Congratulations! You have been made an offer on a role you want to accept.
- Have a written offer not just a verbal one
- Read through your contract
- Re-assess your reasons for leaving and re-affirm that they are unchanged
- Check that this offer is one that will enhance your career
- Changing your mind could be a costly career mistake
For most people resignation is actually the most difficult stage of the process. You are severing links with a role and people you know. This is something your employer will use to try and make you change your mind.
- Should be carried out in a professional and courteous manner
- Type a letter to your direct manager containing:
- the date for the point of resignation
- the fact that you are resigning
- your understanding of your notice period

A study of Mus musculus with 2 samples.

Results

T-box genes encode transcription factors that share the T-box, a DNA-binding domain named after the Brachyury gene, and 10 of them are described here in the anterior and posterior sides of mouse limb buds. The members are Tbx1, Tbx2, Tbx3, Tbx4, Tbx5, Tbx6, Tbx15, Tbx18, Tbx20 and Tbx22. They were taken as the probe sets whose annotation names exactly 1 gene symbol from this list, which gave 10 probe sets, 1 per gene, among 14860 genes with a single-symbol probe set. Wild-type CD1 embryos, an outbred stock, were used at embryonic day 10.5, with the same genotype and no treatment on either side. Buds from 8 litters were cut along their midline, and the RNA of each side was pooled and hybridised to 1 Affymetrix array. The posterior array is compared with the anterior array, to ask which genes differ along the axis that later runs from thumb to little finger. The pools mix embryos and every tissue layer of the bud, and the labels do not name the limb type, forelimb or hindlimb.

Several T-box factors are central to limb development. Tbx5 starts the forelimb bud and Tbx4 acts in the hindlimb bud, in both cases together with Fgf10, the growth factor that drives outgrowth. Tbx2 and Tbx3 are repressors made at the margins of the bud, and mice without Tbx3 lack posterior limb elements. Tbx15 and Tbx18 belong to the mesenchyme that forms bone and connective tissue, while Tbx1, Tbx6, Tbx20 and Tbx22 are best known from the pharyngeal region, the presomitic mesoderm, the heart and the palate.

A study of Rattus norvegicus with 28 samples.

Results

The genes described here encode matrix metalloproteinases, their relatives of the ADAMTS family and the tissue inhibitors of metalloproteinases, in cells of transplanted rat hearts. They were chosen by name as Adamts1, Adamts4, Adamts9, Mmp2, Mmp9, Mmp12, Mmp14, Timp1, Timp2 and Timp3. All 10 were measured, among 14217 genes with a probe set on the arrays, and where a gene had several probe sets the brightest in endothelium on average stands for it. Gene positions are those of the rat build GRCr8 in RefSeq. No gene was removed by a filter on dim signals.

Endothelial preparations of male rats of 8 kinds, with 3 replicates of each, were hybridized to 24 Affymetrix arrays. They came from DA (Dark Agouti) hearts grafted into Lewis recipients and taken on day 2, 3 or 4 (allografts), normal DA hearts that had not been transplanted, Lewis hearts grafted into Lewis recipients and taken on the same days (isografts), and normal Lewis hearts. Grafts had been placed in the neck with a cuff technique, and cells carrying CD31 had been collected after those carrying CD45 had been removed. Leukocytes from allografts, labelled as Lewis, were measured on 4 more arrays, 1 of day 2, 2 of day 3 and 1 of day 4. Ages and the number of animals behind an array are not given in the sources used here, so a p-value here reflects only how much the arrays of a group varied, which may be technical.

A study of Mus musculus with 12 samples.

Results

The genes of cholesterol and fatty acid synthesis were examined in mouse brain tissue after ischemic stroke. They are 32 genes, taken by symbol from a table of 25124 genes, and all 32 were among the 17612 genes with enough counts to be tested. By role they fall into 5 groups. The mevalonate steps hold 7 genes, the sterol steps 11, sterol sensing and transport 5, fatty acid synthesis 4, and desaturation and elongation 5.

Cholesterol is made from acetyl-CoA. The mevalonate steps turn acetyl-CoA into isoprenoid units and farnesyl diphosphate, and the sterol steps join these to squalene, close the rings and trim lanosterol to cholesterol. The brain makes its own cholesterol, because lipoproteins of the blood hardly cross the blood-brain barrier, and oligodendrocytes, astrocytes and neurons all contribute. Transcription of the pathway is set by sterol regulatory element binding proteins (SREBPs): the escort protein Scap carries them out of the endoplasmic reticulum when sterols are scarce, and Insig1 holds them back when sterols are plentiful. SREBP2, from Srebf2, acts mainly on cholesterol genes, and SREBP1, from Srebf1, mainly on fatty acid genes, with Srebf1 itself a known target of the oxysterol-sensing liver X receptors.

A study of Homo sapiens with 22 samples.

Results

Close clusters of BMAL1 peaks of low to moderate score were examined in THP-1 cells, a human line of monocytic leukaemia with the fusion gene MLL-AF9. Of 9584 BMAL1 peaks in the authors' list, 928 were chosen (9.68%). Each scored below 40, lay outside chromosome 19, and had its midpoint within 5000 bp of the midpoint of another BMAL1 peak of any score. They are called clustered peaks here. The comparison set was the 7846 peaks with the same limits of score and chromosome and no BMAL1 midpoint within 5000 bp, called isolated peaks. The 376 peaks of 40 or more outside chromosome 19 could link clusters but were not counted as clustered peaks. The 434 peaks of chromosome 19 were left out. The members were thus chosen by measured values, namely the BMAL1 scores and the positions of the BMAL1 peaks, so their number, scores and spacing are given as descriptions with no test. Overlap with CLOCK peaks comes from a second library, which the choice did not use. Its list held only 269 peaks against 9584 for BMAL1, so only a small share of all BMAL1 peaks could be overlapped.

- thank the company and your manager for the time and effort they given you personally and for your time at the company
- Request a face to face meeting, in private, to deliver the letter of resignation
- Prepare what you are going to say e.g. "An opportunity has come up that I cannot turn down".
- Be professional and courteous at all times
- You will be asked why you are leaving, do not be drawn into a discussion/ argument
- No matter what your view of the firm, management or staff is - stay professional at all times
Your manager will probably have been the person that hired you, trained you, supported and mentored you. They may take your resignation personally. Be prepared for different reactions from a congratulatory handshake to outright anger or a guilt trip. Regardless of their reaction you must stay calm.
Your employer may make a "counter-offer" – See link. This is an effort through increased salary or revised role duties to make you re-consider and stay. It is important to make it clear to your employer that you will not accept a counter-offer. You must be clear from the outset that you are leaving.